Let it never be said that I don’t credit the Reagan-Bush era for something. Now that it’s approaching its end (except in the Supreme Court, where its legacy will, unfortunately, live on), it’s time to note some amazing accomplishments of the three Republican presidents of that era. All three broke long-established patterns in the history of the American presidency.
Ronald Wilson Reagan broke the Prophet’s Curse, but just barely. The story begins with the Battle of Tippecanoe. Tenskwatawa, brother of Tecumseh, was a religious leader known as the Shawnee Prophet. He definitely didn’t have the military skills of his brother. In 1811, Tecumseh had assembled a coalition of native peoples at a camp on Burnett’s Creek near present-day Lafayette, Indiana. He had convinced people from tribes all over the region that they should stop fighting amongst themselves and unite against the Americans, who were steadily encroaching on their lands.
William Henry Harrison, whose military brilliance matched Tecumseh’s, had his army outside the Indian camp. Harrison knew that Tecumseh would never be so foolish as to mount an attack on the American army with his fairly small force. But Harrison also knew that Tecumseh was away from the camp, known as Prophetstown, and seems to have goaded Tenskwatawa into attacking. It’s unclear who shot first, but it appears that Tenskwatawa’s forces were moving in on the American camp. Harrison was prepared, and defeated the Indian coalition.
Two years later, at the Battle of the Thames, (at present-day Chatham-Kent, Ontario), Tecumseh, allied with British forces in the War of 1812, faced Harrison again. Harrison, with superior numbers, triumphed, and Tecumseh died in the battle.
The story goes that Tenskwatawa cursed Harrison and every president elected in a year ending in zero. Harrison, after giving a two-hour inaugural address in the rain, and without a topcoat, died a month after taking office. It's a pretty unlikely story, especially since Tenskwatawa died in 1834, six years before Harrison's election. But until Ronald Reagan, every president elected in a year ending in zero died in office:
Abraham Lincoln, elected 1860, assassinated 1865
James A. Garfield, elected 1880, assassinated 1881
William McKinley, elected 1900, assassinated 1901
Warren Gamaliel Harding, elected 1920, died of a heart attack 1923
Franklin D. Roosevelt, elected 1940, died of a cerebral hemorrhage 1945
John F. Kennedy, elected 1960, assassinated 1963
The only president to die in office outside the Prophet’s Curse was Zachary Taylor, who was elected in 1848, and died in 1850, after eating a dish of iced milk and cherries at a Fourth of July celebration. The cause of death was never established. Of course, Taylor was an officer in the War of 1812, and had fought Tecumseh’s ally, Black Hawk, at the Battle of Credit Island, (in present-day Davenport, Iowa). But Black Hawk and his British allies defeated Taylor’s forces in an ambush.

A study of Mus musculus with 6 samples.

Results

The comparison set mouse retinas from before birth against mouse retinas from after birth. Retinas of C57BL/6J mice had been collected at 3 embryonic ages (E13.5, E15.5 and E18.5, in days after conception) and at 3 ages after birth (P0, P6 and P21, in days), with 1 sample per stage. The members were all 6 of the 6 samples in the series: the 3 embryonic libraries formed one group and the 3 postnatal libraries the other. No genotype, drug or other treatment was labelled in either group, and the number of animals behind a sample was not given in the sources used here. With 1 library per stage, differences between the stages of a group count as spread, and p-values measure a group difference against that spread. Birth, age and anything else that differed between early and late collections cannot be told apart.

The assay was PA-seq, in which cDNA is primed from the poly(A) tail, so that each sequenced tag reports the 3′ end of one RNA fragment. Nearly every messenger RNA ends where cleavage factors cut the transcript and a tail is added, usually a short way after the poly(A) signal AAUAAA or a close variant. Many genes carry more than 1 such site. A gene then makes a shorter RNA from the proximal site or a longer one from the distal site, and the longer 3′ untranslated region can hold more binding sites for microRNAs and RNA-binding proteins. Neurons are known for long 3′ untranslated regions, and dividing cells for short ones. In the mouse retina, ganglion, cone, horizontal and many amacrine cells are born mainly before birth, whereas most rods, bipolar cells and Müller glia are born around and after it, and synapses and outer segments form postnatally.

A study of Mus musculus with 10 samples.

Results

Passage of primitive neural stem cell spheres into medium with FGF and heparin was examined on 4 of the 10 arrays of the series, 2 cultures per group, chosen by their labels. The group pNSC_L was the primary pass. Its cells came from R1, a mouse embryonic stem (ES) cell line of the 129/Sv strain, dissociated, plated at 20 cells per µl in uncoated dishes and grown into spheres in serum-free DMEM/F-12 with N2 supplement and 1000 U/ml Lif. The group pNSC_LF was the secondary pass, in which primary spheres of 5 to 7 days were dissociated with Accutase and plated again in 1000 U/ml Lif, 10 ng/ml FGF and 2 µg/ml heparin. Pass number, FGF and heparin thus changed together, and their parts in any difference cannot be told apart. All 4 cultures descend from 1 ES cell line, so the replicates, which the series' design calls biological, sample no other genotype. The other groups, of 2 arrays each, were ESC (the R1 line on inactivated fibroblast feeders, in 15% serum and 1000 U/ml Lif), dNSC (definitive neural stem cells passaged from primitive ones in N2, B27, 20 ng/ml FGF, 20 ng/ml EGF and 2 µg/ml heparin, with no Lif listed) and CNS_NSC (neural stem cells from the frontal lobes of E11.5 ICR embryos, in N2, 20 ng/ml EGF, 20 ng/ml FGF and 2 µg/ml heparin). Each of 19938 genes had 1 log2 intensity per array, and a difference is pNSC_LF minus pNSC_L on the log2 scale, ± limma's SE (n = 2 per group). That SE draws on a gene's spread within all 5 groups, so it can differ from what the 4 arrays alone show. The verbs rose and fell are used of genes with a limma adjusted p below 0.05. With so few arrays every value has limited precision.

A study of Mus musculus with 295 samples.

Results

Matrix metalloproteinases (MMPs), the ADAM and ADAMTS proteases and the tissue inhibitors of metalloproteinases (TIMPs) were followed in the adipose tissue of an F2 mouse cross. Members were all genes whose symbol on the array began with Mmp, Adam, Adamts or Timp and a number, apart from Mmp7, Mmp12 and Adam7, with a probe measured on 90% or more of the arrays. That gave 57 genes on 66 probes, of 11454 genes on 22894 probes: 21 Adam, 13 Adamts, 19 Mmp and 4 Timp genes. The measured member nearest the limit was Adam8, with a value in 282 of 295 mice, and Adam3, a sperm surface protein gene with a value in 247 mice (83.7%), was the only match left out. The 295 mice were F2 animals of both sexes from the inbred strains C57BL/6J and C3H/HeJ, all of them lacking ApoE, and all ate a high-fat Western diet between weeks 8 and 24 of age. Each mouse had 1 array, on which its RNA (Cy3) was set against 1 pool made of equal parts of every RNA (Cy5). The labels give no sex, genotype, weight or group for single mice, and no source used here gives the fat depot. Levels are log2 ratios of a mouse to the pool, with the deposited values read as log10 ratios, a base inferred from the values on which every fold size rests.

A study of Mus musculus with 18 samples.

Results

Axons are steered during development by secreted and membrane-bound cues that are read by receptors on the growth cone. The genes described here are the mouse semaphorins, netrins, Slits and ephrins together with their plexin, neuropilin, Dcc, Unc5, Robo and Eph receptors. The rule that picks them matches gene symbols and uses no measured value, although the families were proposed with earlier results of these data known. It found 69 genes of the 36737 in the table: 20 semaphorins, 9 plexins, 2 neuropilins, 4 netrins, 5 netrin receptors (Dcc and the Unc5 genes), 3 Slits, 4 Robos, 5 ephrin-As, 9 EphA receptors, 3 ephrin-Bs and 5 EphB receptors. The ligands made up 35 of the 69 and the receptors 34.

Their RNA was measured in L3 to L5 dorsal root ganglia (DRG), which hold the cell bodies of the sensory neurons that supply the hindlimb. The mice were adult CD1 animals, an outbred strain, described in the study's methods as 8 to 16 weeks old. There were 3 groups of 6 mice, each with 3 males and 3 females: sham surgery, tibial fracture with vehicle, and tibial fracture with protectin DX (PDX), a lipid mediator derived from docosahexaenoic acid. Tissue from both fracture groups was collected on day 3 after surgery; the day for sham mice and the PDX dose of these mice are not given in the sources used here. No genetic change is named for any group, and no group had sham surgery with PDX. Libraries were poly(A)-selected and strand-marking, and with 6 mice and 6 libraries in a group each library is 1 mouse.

Ronald Reagan survived an assassination attempt on March 30, 1981. Modern medicine triumphed over the Prophet’s Curse. It appears that George W. Bush, elected(?) in 2000, will also live through his presidency. But then, does an election by a 5 to 4 vote in the Supreme Court count as an election?
George Herbert Walker Bush broke the Curse of the Sitting Vice President. Before 1988, the last time a sitting vice president had been elected to the presidency was in 1836, when Martin Van Buren, vice president under Andrew Jackson, was elected in his own right. Of course, there haven’t been many sitting vice presidents who have been nominated to run. John Breckinridge (1860), Richard Nixon (1960), and Hubert Humphrey (1968) are the only ones that I could find between Van Buren and Bush I. But still, it was a first.
That leaves George W. Bush, the only president to win office with less than a plurality of the popular vote and win re-election. The other three presidents who lost the popular vote either lost re-election (John Quincy Adams (elected 1824, defeated by Andrew Jackson, 1828) and Benjamin Harrison (defeated sitting president Grover Cleveland 1884, beaten by Cleveland, 1888) or did not seek a second term (Rutherford B. Hayes, elected 1876). Of course, vote suppression in Ohio probably cost John Kerry the 2004 election.
I don’t have a lot of good things to say about any of the three, but they all broke precedents.